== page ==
If I Am Granted Asylum Now, Will I Be Eligible for a Green Card Later?

If you receive a grant of asylum from U.S. Citizenship and Immigration Services (USCIS), you become eligible to apply for your green card, or for permanent residence status. Your spouse and child also can apply for a green card if they were admitted to the U.S. as asylees or were included in your grant of asylum. The other requirements for eligibility to apply for a green card are as follows:
  • You have been physically present in the U.S. for at least one year following your grant of asylum
  • You continue to meet the definition of an asylee, or continue to be the spouse or child of an asylee
  • You have not abandoned your asylee status
  • You have not firmly resettled in any foreign country
  • You continue to be admissible to the U.S., or you qualify for a waiver if you are now inadmissible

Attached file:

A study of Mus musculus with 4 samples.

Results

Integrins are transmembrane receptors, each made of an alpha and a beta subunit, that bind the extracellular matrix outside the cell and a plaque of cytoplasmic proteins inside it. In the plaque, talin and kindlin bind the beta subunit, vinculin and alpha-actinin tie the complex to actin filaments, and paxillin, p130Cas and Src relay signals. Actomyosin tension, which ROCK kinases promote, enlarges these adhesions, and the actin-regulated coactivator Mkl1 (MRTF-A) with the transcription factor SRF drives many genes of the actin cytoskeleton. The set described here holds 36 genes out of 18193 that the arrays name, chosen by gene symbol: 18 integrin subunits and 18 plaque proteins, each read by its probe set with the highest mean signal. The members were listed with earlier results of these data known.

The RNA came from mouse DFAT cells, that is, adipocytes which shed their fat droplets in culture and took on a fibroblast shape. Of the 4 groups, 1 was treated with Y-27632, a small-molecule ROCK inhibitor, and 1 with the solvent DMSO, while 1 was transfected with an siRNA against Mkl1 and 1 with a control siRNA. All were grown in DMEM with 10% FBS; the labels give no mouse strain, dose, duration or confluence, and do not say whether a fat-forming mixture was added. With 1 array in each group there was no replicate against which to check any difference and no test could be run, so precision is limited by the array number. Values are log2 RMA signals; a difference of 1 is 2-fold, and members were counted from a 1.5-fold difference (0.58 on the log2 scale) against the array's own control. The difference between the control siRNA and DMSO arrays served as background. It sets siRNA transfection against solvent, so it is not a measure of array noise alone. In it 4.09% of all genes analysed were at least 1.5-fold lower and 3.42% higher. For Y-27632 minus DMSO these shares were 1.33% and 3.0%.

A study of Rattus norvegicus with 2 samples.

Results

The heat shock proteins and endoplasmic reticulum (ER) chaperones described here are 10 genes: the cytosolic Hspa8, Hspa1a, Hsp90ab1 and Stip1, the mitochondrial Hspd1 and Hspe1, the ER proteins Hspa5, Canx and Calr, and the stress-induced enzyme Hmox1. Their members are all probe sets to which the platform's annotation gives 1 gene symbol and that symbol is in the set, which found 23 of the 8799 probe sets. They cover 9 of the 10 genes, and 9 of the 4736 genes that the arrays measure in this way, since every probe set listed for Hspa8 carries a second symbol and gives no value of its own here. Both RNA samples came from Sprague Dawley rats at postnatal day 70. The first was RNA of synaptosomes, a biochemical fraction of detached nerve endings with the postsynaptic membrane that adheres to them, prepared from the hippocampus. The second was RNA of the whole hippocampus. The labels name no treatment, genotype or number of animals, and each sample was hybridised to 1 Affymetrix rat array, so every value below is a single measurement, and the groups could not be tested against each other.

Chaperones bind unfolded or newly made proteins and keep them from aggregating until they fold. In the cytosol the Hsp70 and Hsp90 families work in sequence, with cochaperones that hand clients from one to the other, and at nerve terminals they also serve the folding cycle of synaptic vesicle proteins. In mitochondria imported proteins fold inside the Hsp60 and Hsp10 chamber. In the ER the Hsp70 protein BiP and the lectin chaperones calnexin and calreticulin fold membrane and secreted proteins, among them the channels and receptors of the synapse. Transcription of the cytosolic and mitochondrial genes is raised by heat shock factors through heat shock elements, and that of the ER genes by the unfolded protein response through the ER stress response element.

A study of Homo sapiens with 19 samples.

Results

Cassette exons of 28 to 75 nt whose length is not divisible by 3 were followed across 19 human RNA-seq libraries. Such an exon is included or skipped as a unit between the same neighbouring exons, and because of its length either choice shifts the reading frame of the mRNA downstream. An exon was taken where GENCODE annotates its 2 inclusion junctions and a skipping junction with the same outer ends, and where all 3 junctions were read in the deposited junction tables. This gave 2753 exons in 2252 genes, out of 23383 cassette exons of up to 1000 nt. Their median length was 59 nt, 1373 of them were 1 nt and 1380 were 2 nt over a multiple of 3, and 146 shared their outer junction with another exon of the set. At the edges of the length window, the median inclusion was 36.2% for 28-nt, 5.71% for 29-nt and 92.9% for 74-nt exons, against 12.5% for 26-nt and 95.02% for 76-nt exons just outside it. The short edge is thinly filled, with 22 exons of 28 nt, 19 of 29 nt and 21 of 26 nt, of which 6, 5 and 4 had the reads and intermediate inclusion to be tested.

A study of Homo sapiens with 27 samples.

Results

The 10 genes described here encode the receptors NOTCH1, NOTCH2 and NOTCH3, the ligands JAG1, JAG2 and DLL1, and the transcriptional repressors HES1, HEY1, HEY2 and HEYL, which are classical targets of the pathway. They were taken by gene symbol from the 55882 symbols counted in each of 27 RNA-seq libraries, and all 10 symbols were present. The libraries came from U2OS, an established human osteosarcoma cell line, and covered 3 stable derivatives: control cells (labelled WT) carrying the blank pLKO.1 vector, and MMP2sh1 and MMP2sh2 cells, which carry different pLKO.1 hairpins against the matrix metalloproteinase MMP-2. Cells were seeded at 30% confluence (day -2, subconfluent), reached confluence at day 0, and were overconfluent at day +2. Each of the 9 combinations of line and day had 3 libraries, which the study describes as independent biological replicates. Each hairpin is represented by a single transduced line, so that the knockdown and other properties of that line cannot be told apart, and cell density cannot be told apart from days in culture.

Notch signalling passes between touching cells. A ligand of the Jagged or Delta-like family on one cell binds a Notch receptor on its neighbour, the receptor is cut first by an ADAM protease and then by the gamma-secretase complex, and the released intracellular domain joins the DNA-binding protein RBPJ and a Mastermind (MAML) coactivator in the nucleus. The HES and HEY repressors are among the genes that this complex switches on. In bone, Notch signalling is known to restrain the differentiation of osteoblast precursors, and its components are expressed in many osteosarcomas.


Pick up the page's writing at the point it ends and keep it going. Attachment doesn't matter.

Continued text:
If you no longer are eligible for aslyee status, then you no longer can apply for a green card. This situation might occur if country conditions change in your home country or you can no longer meet the definition of an asylee due to some change in circumstances. As a result, it may be in your best interest to apply for a green card as soon as you are eligible to do so, so that you do not lose legal status in the event that your circumstances or the situation in your home country changes. When you or a loved one is facing deportation, you face the potential for a family separated by international borders, an inability to reunite, and the loss of the place that you may have called home for many years. The prospect for deportation can be terrifying, particularly if you must return to a country where violence, crime, and poverty are widespread, and one in which you may no longer have family and friends. Our goal is to avoid that possibility at all costs by developing a strong case on your behalf to defend you against deportation, whether it is through the asylum process or another means of obtaining a legal immigration status. Call Landerholm Immigration, A.P.C., today at (510) 756-4468, or contact us online in order to schedule a consultation with one of our skilled and experienced deportation defense attorneys. The sooner you contact us, the better we can represent your interests in your deportation case.